Someone sees a tweet from Emma Watson about International Women’s Day and clicks the link. Another person watches her speak at the UN on his or her phone. And a third person participates in an interactive chat with her on Facebook.
These folks may not have realized it, but each was reached by the same PR campaign for HeForShe, a movement for gender equality. Each person found the campaign in his or her own way, but the end result was the same. The message drove each participant to learn more about HeForShe and many took action — and joined the campaign.
The rapidly changing face of communications is daunting. No one wants to miss out on the latest piece of popular technology, but the race to be first can be a pitfall. Business leaders have to realize that their audience is consuming a wider array of media than ever before, and it’s the message, not how they consume their news that makes the difference.
As a communications expert, on a daily basis, I work to craft compelling stories on behalf of my clients and identify the most effective channels to distribute that message. Today, all of my campaigns contain a strategic mix of traditional media, social media and original content.
Often, social media gets most of the headlines and an effective social campaign can reach a young, global audience — just look at our work for #HeforShe. Publish a few Facebook posts, knock out some Tweets, and go home for the day, right? If only it was that simple. About 80 percent of brands use social media to reach their audiences, but 68 percent of U.S. consumers say they typically ignore brand posts on social networks.
Jenny Rooney, Forbes CMO Network editor and moderator of a recent panel I participated in, points out that CMOs today are often challenged to measure the effectiveness of their campaigns and demonstrate how marketing is making a real business impact. A challenge that many companies today face is that disciplines work independently and work in silos. Companies are not realizing the total power of their organizations. Often, we work with our clients to foster collaboration and help them to realize the true impact of integrated communications — bringing together the likes of paid, owned and earned media.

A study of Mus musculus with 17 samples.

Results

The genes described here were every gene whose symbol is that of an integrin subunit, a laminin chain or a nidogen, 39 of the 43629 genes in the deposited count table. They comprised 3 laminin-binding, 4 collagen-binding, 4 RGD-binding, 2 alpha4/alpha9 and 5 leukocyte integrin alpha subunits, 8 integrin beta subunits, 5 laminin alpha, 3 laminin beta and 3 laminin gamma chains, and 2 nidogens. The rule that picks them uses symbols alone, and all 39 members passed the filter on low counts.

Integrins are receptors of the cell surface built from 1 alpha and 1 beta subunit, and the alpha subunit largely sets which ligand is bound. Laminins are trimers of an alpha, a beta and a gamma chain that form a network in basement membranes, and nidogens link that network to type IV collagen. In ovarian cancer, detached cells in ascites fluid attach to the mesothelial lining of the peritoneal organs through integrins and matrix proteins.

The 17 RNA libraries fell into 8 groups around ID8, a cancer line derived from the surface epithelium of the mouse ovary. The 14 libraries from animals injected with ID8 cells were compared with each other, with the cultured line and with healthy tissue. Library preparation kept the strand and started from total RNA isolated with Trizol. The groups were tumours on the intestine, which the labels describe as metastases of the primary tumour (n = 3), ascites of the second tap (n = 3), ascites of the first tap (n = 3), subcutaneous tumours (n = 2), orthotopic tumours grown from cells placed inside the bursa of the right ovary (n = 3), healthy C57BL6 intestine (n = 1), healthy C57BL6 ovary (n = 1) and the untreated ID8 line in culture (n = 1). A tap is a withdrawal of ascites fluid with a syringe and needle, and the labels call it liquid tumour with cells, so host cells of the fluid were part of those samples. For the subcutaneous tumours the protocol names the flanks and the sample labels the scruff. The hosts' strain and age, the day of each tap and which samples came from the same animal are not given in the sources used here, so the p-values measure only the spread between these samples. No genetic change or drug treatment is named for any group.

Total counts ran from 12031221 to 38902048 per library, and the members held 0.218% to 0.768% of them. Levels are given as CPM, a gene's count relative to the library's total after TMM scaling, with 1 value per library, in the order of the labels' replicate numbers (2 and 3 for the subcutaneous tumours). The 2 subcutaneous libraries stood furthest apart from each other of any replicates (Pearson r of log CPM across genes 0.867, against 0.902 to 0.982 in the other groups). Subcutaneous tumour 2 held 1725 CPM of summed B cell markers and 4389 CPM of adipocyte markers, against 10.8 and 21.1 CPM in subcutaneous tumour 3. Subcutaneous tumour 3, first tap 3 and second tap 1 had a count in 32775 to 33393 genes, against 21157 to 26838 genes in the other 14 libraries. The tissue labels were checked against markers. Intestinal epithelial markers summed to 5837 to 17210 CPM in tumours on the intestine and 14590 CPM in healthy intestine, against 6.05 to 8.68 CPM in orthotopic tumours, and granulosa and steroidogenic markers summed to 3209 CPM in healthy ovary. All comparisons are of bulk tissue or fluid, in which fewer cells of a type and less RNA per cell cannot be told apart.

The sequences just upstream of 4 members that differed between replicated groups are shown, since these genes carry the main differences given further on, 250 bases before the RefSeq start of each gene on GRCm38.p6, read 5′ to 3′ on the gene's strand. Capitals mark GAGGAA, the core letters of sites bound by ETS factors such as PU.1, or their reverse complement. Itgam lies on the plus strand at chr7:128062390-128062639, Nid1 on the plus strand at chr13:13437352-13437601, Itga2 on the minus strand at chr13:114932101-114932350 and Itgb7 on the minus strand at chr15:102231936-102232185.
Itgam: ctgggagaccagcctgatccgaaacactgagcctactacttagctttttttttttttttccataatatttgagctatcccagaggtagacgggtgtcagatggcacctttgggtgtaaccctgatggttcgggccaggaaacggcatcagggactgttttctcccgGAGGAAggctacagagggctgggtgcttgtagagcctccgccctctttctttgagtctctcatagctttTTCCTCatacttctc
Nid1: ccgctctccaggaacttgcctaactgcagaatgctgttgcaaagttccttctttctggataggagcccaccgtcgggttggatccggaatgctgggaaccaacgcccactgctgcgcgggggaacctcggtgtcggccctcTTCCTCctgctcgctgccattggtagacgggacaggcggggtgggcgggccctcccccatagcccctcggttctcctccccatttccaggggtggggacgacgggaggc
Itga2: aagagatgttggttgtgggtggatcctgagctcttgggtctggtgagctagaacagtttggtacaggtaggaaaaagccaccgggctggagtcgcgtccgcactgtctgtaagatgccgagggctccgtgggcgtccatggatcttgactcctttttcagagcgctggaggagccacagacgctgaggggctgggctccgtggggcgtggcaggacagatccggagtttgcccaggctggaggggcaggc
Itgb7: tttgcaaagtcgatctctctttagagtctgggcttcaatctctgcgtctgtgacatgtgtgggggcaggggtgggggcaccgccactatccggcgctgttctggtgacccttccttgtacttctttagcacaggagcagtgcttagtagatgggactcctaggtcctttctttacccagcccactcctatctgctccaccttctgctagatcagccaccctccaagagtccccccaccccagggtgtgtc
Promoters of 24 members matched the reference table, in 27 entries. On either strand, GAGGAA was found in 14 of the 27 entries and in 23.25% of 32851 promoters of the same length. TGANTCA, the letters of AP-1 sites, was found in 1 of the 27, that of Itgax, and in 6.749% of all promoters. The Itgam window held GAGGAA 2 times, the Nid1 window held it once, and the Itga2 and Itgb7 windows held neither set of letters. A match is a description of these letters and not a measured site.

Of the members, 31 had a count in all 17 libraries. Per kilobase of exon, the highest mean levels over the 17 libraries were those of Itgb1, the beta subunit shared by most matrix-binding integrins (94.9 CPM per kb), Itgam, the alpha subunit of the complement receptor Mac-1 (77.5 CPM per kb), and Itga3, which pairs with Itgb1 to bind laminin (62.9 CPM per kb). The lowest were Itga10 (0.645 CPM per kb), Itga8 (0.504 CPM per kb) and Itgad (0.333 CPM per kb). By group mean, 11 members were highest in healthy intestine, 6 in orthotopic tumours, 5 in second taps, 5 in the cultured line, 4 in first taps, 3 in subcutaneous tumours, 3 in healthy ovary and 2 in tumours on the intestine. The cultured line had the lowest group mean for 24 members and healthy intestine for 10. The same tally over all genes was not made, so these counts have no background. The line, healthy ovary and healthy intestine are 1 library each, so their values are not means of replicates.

That last discipline that I referenced — earned media — often works the most outside of the traditional marketing mix. But what marketers need to know is that this channel can be their secret weapon.
In simple terms earned media cannot be bought or owned, it is “earned” organically. In a recent Nielsen study earned media was found to be the most trusted source of information in all countries it surveyed — worldwide. The same survey also found that earned media is the channel most likely to drive business outcomes — important for today’s modern CMO.
Successful original content, on a company’s website and blog for instance, is built on the same foundation as earned and social media. Credibility leads to trustworthiness. A product that can be trusted is one that will grow sales, in the same way that a nonprofit campaign will gain engaged stakeholders.
The full power of a communications campaign is unleashed when each of these elements is brought together with a unified goal.
The key lesson here is best summed up by a quote from the founder of my agency, David Ogilvy: “What really decides consumers to buy or not to buy is the content of your advertising, not its form.” What was true 50 years ago is just as relevant today.
David Ogilvy knew that customers are smart. Most people see right through a shallow ad and sniff out when a company is trying to sell them a bogus idea. And if they do happen to fall for a misleading ad, it’s only a matter of time before a company will suffer a backlash. Long-term success for a brand — 50 years ago, today, or 50 years in the future — always comes down to the power of the message regardless of where and how it’s told.